Fledgling savers are likely to see new government-backed accounts, and some states are looking to roll out their own plans, while some of the bedrock benefits of existing savings vehicles are under fire.
Among them: Higher-income workers could lose some of the tax advantages of retirement accounts, and Roth individual retirement account owners could lose their exemption from required minimum distributions, or RMDs. Sub-six-figure IRAs could see RMDs disappear.
Here are a few issues to watch for as the summer doldrums give way to the post-Labor Day policy agenda:
New accounts. President Barack Obama’s previously announced myRA savings accounts are due to be launched, at least in a pilot phase, before the end of the year. The government-backed savings accounts for people making up to $129,000 a year ($191,000 for couples) are expected to be offered through employers who don’t already have a 401(k) plan.
The accounts will be administered by a private-sector company and are designed as starter accounts able to handle very small contributions. When balances reach $15,000, they’ll be rolled into Roth IRAs.
Critics of the plans point out that the very low interest rates earned on the accounts in order to provide the principal guarantee are a poor way to build long-term savings.
On the other hand, they could be a crucial first step toward retirement savings for many people, says David John, a senior strategic policy adviser for the AARP Public Policy Institute.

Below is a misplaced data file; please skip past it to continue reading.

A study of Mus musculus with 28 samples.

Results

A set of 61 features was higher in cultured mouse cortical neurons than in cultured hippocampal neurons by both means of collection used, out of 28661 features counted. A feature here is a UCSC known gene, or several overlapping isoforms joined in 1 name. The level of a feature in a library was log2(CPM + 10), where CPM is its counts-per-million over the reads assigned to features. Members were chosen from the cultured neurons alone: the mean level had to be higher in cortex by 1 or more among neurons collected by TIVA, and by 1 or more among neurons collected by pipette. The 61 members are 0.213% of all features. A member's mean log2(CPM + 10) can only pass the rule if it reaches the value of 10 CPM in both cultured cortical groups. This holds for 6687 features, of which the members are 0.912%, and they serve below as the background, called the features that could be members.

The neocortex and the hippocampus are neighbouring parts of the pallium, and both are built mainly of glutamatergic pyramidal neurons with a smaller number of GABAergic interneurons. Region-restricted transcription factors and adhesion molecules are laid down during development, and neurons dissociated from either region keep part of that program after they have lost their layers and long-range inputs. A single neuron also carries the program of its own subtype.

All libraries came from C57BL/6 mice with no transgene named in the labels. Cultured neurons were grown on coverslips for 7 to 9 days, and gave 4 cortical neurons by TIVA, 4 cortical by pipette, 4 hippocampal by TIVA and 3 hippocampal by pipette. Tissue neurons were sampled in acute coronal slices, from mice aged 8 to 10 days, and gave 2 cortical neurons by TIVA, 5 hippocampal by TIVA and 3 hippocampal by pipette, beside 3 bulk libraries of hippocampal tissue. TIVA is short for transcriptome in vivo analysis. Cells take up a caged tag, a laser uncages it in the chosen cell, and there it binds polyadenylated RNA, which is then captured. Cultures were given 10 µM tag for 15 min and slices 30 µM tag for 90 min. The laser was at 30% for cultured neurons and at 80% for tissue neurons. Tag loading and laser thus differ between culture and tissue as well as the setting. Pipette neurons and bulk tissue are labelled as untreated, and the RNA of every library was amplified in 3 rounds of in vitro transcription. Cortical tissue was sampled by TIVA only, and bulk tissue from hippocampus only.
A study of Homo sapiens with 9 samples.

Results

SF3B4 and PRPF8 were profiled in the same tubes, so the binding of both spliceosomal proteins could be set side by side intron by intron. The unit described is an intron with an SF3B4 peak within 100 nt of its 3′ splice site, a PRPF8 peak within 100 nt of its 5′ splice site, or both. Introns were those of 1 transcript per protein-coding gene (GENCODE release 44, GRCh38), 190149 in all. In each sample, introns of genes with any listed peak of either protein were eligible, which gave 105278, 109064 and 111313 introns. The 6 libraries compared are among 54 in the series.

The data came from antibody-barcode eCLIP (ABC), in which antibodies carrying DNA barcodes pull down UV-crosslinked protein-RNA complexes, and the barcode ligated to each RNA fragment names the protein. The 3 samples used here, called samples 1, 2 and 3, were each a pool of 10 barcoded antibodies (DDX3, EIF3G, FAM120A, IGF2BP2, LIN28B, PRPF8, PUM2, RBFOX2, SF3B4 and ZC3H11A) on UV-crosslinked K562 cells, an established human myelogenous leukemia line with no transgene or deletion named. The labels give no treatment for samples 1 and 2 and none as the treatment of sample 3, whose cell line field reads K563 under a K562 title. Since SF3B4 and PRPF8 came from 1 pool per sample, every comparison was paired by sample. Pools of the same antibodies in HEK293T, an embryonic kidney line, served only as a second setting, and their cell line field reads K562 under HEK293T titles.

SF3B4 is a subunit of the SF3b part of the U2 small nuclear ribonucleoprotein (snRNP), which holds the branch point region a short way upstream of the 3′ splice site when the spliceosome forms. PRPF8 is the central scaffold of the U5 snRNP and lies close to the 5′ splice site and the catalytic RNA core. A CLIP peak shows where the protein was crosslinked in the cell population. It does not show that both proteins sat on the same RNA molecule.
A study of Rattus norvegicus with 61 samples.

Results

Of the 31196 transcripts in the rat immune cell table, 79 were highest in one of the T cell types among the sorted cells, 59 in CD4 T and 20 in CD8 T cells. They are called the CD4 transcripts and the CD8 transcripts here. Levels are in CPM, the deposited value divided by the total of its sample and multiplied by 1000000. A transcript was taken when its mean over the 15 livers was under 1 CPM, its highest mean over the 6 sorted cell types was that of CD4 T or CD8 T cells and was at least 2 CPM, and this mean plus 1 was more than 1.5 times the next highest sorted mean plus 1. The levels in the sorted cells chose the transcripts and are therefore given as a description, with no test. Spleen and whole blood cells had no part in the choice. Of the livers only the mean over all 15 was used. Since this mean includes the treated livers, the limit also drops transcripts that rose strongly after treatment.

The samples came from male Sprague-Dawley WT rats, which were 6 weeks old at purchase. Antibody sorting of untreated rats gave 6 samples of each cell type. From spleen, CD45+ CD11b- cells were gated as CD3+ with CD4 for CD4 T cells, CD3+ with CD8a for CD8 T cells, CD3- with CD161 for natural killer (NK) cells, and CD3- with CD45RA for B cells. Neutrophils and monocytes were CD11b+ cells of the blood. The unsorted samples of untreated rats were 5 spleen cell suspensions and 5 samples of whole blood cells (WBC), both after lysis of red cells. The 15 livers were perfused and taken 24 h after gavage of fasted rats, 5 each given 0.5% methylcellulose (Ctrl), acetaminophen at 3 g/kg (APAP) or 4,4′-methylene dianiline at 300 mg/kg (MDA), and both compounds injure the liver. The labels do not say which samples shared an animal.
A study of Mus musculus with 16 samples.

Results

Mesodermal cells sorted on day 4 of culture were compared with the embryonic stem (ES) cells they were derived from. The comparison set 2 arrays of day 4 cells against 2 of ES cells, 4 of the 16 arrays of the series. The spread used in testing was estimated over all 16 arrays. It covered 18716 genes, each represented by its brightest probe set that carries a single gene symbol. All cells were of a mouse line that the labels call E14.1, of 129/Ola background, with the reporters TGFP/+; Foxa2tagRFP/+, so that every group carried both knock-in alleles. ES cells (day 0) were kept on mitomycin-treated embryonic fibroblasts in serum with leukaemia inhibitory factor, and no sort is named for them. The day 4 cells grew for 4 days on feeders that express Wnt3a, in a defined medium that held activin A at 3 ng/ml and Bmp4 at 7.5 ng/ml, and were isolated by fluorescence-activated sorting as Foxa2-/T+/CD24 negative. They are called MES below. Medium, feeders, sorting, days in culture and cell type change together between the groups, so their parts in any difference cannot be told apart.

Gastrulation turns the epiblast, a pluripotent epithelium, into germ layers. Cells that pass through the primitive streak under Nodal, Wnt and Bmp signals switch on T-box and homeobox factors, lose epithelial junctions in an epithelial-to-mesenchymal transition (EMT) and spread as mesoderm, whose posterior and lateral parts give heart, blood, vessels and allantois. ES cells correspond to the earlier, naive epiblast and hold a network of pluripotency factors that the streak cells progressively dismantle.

“This will allow that low-income or first-time saver the ability to build up an account without risk or fees,” John says.
After that step, John sees other new programs — like a proposed federal auto-IRA program he helped design, or similar programs in several states that would offer pretax payroll deduction savings plans — gaining traction.
“These state-sponsored plans are a recognition that failure to enable people to save money will end up costing the states money,” he says.
Scaling back. Obama’s 2015 budget proposal scales back some of the tax advantages of retirement savings accounts for higher-income workers, a move that, not surprisingly, has plenty of critics in the retirement savings industry.
The plan would cap the deduction for 401(k) and IRA contributions at 28 percent.
Because traditional 401(k) and IRA plans offer deferral of taxes, critics howled that the new scheme would tax those contributions twice — first at the time of contribution, and later when the money is withdrawn — leaving savers worse off than if they had simply put their money in taxable accounts.
A subsequent “fix” attempts to recognize the original tax paid, but the plan is still confusing and would require onerous record keeping by investors, argues Peter Brady, senior economist with the Investment Company Institute.